Looking back at how and when I started growing garlic I can honestly say it was quite by accident.   I had some cloves and I don’t recall what prompted me to plant them but I did.   I will venture to say it was the wrong time of the year because I remember they died down and I forgot about them leaving them in the ground until the next year.   They sent up sprouts the next year and I left them to grow and decided to do some research on growing garlic.   I found that they should be planted in the fall (October) and harvested 9 months later when the leaves start to turn brown and fall down.  The middle of July arrived and I dug up a few and was amazed that I had full heads of garlic!   I never realized they needed such a long period in the ground! 

Garlic is pretty simple to grow since it is a light feeder and its basic needs are full sun and rich soil.  The garlic head should remain intact until you are ready to plant – then you break apart the head into individual garlic cloves planting 2-3” deep with the pointy end of the clove in the upward position. 

Space the cloves or bulbs 4” apart in all directions and top with mulch.

There are two basic kinds of garlic – softneck and hardneck.   Hardneck garlics have a “hard” stalk in the middle, they are more difficult to grow and more perishable, but they have a wider range of flavors. 

They also have larger cloves and are easier to peel.   Softneck have a longer shelf life and this is the garlic usually used for braiding since the stalks are softer.   You can see the different varieties I have in the ground this year here.

Fresh garlic has the best flavor in the first few months after harvest.  Designer or gourmet garlic is more expensive than store bought since there is a lot more character and flavor.   Garlic tastes may vary from variety to variety and even a single clove may taste different from person to person – same as with fine wine.   When growing your own garlic, harvest and hang to dry for 2-3 weeks before using.   Then store in cool, dark place and do not refrigerate or freeze.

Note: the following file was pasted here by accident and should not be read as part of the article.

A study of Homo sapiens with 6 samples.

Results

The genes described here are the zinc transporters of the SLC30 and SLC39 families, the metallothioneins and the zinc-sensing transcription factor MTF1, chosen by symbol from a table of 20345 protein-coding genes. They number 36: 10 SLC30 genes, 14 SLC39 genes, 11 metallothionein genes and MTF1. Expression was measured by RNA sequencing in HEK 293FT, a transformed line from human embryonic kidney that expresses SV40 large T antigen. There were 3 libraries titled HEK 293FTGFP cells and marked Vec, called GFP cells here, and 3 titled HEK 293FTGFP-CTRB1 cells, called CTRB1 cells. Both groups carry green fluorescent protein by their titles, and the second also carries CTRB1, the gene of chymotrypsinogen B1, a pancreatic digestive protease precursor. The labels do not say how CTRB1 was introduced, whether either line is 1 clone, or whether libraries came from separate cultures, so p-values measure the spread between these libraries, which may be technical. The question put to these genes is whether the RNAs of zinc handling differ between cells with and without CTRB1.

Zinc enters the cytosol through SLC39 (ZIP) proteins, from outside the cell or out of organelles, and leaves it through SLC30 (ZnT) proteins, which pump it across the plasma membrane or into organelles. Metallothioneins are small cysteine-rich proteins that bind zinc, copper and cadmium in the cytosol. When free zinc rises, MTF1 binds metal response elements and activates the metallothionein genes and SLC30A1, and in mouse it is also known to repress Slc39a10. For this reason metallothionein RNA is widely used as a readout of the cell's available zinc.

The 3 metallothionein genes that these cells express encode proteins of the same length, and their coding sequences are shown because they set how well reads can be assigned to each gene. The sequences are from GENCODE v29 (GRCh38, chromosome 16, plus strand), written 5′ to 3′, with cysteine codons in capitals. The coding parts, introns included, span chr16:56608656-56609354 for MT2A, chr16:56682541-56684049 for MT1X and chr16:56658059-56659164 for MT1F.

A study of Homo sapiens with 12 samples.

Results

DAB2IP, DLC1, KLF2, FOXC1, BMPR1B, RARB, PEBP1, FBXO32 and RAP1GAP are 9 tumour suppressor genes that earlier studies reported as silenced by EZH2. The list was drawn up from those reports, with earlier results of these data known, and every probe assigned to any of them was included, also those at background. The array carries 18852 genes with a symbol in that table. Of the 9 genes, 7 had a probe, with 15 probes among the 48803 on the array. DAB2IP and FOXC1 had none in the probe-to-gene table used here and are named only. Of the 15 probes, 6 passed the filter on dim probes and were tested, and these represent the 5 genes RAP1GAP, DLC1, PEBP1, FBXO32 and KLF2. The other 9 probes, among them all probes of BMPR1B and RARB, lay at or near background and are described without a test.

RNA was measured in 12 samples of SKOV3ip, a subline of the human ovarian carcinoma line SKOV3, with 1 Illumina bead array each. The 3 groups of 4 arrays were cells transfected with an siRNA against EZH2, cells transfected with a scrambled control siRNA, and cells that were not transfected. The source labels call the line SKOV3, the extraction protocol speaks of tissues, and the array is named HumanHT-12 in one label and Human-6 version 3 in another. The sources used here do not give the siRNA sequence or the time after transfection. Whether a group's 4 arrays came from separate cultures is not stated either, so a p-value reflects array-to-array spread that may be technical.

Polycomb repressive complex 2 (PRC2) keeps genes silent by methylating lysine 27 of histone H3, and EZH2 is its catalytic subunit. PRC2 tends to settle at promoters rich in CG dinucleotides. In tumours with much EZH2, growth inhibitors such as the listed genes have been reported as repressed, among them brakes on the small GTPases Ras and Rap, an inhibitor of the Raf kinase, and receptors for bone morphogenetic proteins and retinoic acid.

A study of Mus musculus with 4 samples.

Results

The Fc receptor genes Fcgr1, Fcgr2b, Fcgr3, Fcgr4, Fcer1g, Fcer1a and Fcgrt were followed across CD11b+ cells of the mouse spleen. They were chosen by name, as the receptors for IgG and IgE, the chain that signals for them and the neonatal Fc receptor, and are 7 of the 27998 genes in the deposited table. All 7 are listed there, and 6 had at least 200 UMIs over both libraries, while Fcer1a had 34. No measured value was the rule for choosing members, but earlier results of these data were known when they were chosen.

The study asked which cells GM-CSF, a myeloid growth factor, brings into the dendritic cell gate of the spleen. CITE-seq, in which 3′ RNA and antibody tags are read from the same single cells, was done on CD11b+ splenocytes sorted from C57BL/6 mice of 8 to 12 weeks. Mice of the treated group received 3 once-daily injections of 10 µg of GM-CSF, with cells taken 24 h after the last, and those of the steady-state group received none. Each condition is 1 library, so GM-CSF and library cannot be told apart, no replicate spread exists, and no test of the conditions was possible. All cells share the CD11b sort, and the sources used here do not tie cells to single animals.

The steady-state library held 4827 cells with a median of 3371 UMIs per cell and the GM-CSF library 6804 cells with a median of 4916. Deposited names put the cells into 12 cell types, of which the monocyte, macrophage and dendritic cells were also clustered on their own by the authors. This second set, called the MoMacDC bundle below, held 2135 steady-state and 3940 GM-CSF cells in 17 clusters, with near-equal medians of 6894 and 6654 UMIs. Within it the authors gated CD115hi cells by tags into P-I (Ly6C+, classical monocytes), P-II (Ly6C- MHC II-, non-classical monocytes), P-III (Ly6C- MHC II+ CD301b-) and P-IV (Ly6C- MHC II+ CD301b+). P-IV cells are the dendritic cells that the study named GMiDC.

It is said that garlic repels Japanese beetles and many other pests so you can plant around roses or other flowers that suffer from Japanese beetles.    You can also mix up a garlic spray as an insect repellent.   Chop a few cloves, add to a quart of water (mixing in a blender works well).   Let sit for several hours and then strain the mixture through cheesecloth.

A few tips on cooking with garlic – Mincing or chopping garlic into fine pieces produces a bright and lively flavor.   If you smash the garlic before cutting, the flavor will be stronger.   Using a garlic press will produce a very strong flavor so use when looking for a dramatic garlic taste in your recipe.   Pressed and grated garlic is much stronger than chopped or minced. 

Cook garlic slowly on the stove over low heat – do not burn – burnt garlic is bitter.   You can use garlic many ways – raw, sautéed, dry roasted or oven roasted.

Experiment in the garden and in the kitchen with garlic! 

You will simply fall in love with fresh grown garlic from your very own garden! 


  1. What an inspiring and informative blog! Thanks- shall certainly contemplate growing garlic again.

  2. What a great post. My brother-in-law was just talking to me about his problems growing garlic and I am going to email him your post :^)

  3. I’m growing my own garlic for the first time this year, how long should I leave it in the ground?

  4. I planted in October and will harvest in mid July – garlic needs 9 months in the ground. So depending on where you are – if you plant now, you will need time before the ground freezes to harvest (if it does). Keep me posted on your progress!

  5. Thanks, I’m in So Cal so freeze is unlikely, but summer will be a challenge we are off for a couple of weeks this summer, hopefully they can hold with a good dousing!

  6. I just planted some garlic. I am hopeful for some good results.